Twice in the opening half of the Huskers' 21-3 victory, the K-State defense came through with seemingly drive-ending plays on third down. Unfortunately for the Wildcats, on both occasions, the Husker coaching staff came through with calls that seemed to catch the Wildcats completely off guard on the following play.
The first such occasion came on the opening drive of the ballgame. After a 48-yard run by Brandon Jackson brought Nebraska into K-State territory, the Wildcats stopped Nebraska running backs Cody Glenn and Jackson for 2-and 0-yard gains, respectively. On third down, the Wildcat defenders forced quarterback Zac Taylor into throwing an incomplete pass. The safe bet was that the Huskers would kick a field goal to jump ahead for a 3-0 lead.
The Huskers' field goal unit hit the field, but the kick that so many in Bill Snyder Family Stadium were expecting never took flight. Instead, placeholder Jake Wesch found Hunter Teafatiller, who had leaked through the defensive line, wide open for a 17-yard touchdown.
"It was a very well executed fake," coach Ron Prince said. "We could have defended that better, and that put us behind 7-0 in the start.
Linebacker Brandon Archer said the Wildcats had prepared for a possible fake field goal, but didn't execute on Saturday. "To work on that play so much in practice and to allow a play like that definitely hurts," the Wildcat captain said. "That definitely changed the momentum of the game."
"We've been putting a significant amount of pressure on people with our (kick) blocks. We knew eventually someone would find a fake. We felt that one of the things we had to do in this game is that we were going to have to block a kick. If they drive the ball down there into field-goal position and we get a chance to block it, we could turn momentum early. I'm sure they were thinking the same thing, and the play was well executed."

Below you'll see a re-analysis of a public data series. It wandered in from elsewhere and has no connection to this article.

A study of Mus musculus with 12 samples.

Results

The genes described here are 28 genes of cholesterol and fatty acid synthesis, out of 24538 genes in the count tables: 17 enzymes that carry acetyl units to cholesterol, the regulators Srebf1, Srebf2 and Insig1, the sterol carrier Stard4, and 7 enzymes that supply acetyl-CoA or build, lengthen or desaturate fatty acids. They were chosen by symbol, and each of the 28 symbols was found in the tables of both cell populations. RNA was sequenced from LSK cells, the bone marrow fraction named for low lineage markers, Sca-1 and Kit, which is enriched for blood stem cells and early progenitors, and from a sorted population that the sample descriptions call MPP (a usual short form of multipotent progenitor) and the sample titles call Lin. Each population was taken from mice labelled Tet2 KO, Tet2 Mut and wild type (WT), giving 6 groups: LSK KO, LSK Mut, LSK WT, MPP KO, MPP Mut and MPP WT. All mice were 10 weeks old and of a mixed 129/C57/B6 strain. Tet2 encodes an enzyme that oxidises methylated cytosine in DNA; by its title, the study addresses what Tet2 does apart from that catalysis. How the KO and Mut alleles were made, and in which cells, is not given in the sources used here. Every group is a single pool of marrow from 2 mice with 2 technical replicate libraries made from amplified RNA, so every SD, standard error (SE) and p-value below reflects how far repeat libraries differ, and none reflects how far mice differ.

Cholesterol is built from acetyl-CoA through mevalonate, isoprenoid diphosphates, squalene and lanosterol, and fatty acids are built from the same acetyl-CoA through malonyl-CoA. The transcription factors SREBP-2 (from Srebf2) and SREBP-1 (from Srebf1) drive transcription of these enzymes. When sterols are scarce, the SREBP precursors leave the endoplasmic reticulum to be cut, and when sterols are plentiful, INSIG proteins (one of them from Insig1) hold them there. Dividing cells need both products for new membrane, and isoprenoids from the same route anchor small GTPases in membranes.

Despite the fact that the Husker fake was executed by a pair of walk-ons and was a play that had just been implemented over the previous week, Nebraska executed the play in flawless manner.
"It couldn't have been better timing," Nebraska coach Bill Callahan said of the situation in which the play was run. "They were going after that first field goal to establish some momentum, so I think we kind of diffused that somewhat for that first drive."
The touchdown as a result of coaching trickery was a bit of a stomach-punch for the K-State defense, but defensive end Ian Campbell said it didn't knock them out of the game. "I don't think it took the wind out of our sails," Campbell said, "because a one-play game is not that big of a deal."
"If something like that happens, you've got to just fight back," cornerback Justin McKinney said. "It's like a fight. You get knocked back; you've got to get back up. It was still the first round."
For the game, the Wildcats kept the Huskers from converting on 10 of 17 third down plays. Meanwhile, K-State had only allowed opponents to convert on 32-percent of third downs entering Saturday's contest.
In the second quarter, the Wildcats came up with another big third-down stop in their own territory, stuffing Glenn for no gain on a third-and-two at the Wildcat 27. This time the Huskers did not mask their intentions, leaving the offense on the field. Nevertheless, the Wildcats were left grasping for air, as a Husker play-action fake provided Taylor with an abundance of running room on a bootleg, which he took advantage of for a 24-yard gain. The Huskers went to the play action again on the following play, with Taylor finding tight end Josh Mueller for a three-yard touchdown.
Defensive end Rob Jackson said seeing the Huskers score after the defense put up such a fight was not easy. "You dig in three plays in a row, and then for them to make that big play, it's just like (sighs)," Jackson said. "We've got to start from scratch all over again. That's frustrating for any team and any defense."